Review #7: THE TRAIL OF THE BROKEN BLADE (1967)
Released March 4, 1967, THE TRAIL OF THE BROKEN BLADE was produced by Sir Run Run Shaw. The prolific Chang Cheh directed, scripted and wrote the lyrics to the songs. Based on the title, I would say this production was influenced by the popular westerns of the day in the movies and on television. As far as I can tell, this is the first "eastern / western". The skilled team of Liu Chia-Liang and Tang Chia did the fight choreography. Let’s get busy.
|Kiu Chong as Fung Jun Zhao|
|Planning the caper|
Fang Jun Zhao is one of the top, up and coming students of Wu Dang Mountain. While on his way back to Wu Dang, he stops at a very small in Guandong Province for a rest. From the room next door he overhears a planned robbery of the household of retired Commander-in-Chief, Liu Xian. The bandits planning the robbery are persuading the younger son of the Flying Fish Island Clan Chief named Tu Hu, to help them because of the superior martial arts of the Liu family. The head bandit entices Tu Hu, not only with the promise of plenty of money but with a description of Liu Xian’s daughter, Liu Zhen’Er as the village beauty and how he could enjoy her thoroughly as she is “a perfect match for someone as bright as you.”
Later that same night, the bandits attempt the robbery but Fang Junzhao assists Liu Xian and his daughter the end result being all of the bandits dead and Tu Hu severely wounded by Fang’s dart and escaping back to Flying Fish Island.
After the crisis, Liu Xian asks Fang Junzhao to stay a few days and instruct his daughter in the way of the sword. What Zhen’Er’s father really hopes is that Junzhao and Zhen’Er form a bond and then fall in love so that his daughter can forget her childhood love: Li Yue.
Li Yue is the son of the former Commander-In-chief of Zhejiang, the great hero, Li Tian Cong. Tragically; this great hero was falsely convicted and imprisoned all for the benefit of a crooked Imperial Minister. After his father died in prison, Li Yue murdered the Imperial Minister and has been on the run ever since.
When Fang Jun Zhao hears this heartbreaking story from Zhen’ Er's lips his chivalry takes over and he swears a platonic friendship with her and vows to find Li Yue and unite the two lovers to prove his honor and their friendship.
|"I must find Li Yue of Jiangnan"|
Meanwhile, Tu Hu has made it back to Flying Fish Island but his injury has taken the ultimate toll as he offers up the fatal dart to answer his family’s question of “who has done this to you?” His father orders his eldest son to take his four henchmen with him to find this Fang Jun Zhao.
So we have the two sets of travelers headed to their destinations fated to meet each other and provide us with this early tale of the Jiang Hu and the chivalry of heroic bloodshed.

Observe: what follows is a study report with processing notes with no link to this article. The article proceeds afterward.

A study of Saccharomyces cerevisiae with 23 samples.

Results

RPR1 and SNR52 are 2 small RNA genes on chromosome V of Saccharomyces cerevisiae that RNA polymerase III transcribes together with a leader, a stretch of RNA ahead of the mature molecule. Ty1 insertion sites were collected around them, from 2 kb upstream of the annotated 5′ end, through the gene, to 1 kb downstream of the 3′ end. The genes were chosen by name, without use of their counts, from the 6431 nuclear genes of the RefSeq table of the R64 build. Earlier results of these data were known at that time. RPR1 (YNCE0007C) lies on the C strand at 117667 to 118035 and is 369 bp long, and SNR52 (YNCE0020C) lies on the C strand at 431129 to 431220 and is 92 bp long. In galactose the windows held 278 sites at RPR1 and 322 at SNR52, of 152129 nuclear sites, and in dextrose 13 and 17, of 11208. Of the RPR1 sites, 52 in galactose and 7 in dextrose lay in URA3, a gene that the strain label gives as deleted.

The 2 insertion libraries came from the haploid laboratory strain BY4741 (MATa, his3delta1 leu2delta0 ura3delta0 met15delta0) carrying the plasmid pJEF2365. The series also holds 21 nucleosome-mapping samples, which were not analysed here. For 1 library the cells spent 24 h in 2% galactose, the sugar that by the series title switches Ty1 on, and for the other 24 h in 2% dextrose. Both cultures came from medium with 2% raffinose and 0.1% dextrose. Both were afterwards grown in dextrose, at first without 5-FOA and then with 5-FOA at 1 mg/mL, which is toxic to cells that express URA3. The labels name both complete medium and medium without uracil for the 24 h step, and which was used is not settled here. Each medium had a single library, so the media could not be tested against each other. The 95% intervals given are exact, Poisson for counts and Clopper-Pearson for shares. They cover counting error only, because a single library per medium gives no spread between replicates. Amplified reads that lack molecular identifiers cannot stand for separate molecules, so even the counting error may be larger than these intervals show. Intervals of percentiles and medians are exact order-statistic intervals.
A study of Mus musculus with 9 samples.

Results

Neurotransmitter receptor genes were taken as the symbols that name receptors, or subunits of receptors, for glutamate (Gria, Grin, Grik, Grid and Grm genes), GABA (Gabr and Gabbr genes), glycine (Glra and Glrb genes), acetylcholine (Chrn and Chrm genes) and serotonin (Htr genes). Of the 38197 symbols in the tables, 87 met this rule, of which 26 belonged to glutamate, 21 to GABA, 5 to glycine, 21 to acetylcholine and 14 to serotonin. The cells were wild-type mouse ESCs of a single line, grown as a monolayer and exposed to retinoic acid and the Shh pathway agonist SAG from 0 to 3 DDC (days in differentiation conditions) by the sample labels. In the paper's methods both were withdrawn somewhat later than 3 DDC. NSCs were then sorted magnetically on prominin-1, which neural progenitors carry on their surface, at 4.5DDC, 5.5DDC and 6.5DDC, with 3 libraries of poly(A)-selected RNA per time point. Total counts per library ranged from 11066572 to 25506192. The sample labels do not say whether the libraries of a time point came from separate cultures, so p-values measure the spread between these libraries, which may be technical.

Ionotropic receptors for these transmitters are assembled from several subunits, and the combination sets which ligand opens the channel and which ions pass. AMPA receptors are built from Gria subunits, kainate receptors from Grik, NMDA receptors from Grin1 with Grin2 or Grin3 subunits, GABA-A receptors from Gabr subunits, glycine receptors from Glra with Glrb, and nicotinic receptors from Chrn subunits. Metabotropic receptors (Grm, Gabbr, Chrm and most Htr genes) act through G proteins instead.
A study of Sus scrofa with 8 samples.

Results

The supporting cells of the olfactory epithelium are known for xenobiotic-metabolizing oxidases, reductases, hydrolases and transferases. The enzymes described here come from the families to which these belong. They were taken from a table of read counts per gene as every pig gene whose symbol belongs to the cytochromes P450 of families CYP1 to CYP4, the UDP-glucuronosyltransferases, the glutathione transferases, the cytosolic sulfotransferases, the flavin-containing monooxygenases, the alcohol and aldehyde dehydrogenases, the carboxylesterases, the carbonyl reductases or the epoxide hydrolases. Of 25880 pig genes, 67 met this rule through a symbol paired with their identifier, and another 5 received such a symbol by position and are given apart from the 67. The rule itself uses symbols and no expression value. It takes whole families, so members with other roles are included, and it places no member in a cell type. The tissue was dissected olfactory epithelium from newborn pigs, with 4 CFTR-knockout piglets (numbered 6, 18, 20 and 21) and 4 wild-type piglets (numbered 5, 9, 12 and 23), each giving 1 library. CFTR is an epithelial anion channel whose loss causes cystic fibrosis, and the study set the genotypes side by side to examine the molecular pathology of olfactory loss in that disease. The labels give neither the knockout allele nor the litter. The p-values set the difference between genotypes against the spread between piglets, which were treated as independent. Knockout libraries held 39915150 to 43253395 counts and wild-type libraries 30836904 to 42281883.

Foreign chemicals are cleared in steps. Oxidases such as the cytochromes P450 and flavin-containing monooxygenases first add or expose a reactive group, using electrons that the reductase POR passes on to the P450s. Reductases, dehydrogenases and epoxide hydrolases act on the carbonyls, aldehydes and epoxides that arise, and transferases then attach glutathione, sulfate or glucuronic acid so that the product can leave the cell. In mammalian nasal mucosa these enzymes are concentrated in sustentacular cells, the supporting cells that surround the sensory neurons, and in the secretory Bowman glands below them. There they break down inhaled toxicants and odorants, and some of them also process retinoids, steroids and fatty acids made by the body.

|Jimmy Wang Yu as Li Yue of Jiangnan|
the good: Jimmy Wang Yu as Li Yue / Jiang Qi. Kiu Chong as Fung Jun Zhao. Chin Ping as Liu Chen Erh. Lisa Chiao Chiao as Shi Xiao Mei. Wei Pin-Ao as Shi Gan. Fan Mei-Sheng as Hu Zi.
the bad: Tien Feng as Chief Tu Qian Qiu. Chen Hung-Lieh as Tu Long. Wang Kuang-Yu as Tu Hu, Leopard Skin.
SPOTTED: Liu Chia Liang, Tang Chia, Liu Chia Yung, Wu Ma, Cheng Lui, Cliff Lok and Pang Pang.
HONORABLE MENTION: According to HKMDB and the release date of THE TRAIL OF THE BROKEN BLADE (1967) this is Yuen Shun Yi’s (of the Yuen Clan) first movie appearance.
FIGHT TIME: THE TRAIL OF THE BROKEN BLADE (1967) features the fight choreography of Liu Chia Liang and Tang Chia. I counted 6 (six) fight scenes including its very long finale in the one hour and forty-four minute movie, which to be honest, is not quite as much as in past movies. With the genre being only 7 projects old in the span of two years, I am mindful to not be too harsh in my analysis of the techniques. Using a system of “pass” or “fail” this movie’s fights are definitely a “pass”.
HONORABLE MENTION: Jimmy Wang Yu looks excellent in his fight scenes and director Chang Cheh wisely gives him the majority of the screen time and stunts.
RECOMMENDATION: THE TRAIL OF THE BROKEN BLADE (1967) has enough characterization, plot and action to entertain you and hold your interest. As the first “eastern / western”, and an early Shaw Brothers classic it is also certainly collectible. Therefore it should come as no surprise that I call for you to take out your cards or cash and pick this one up as a “must have”! On a personal note I would love to discuss as a film group just what is it that motivates a writer / director to resolve a story in the controversial way that Chang Cheh does in this movie. That’s it for now, see you next time.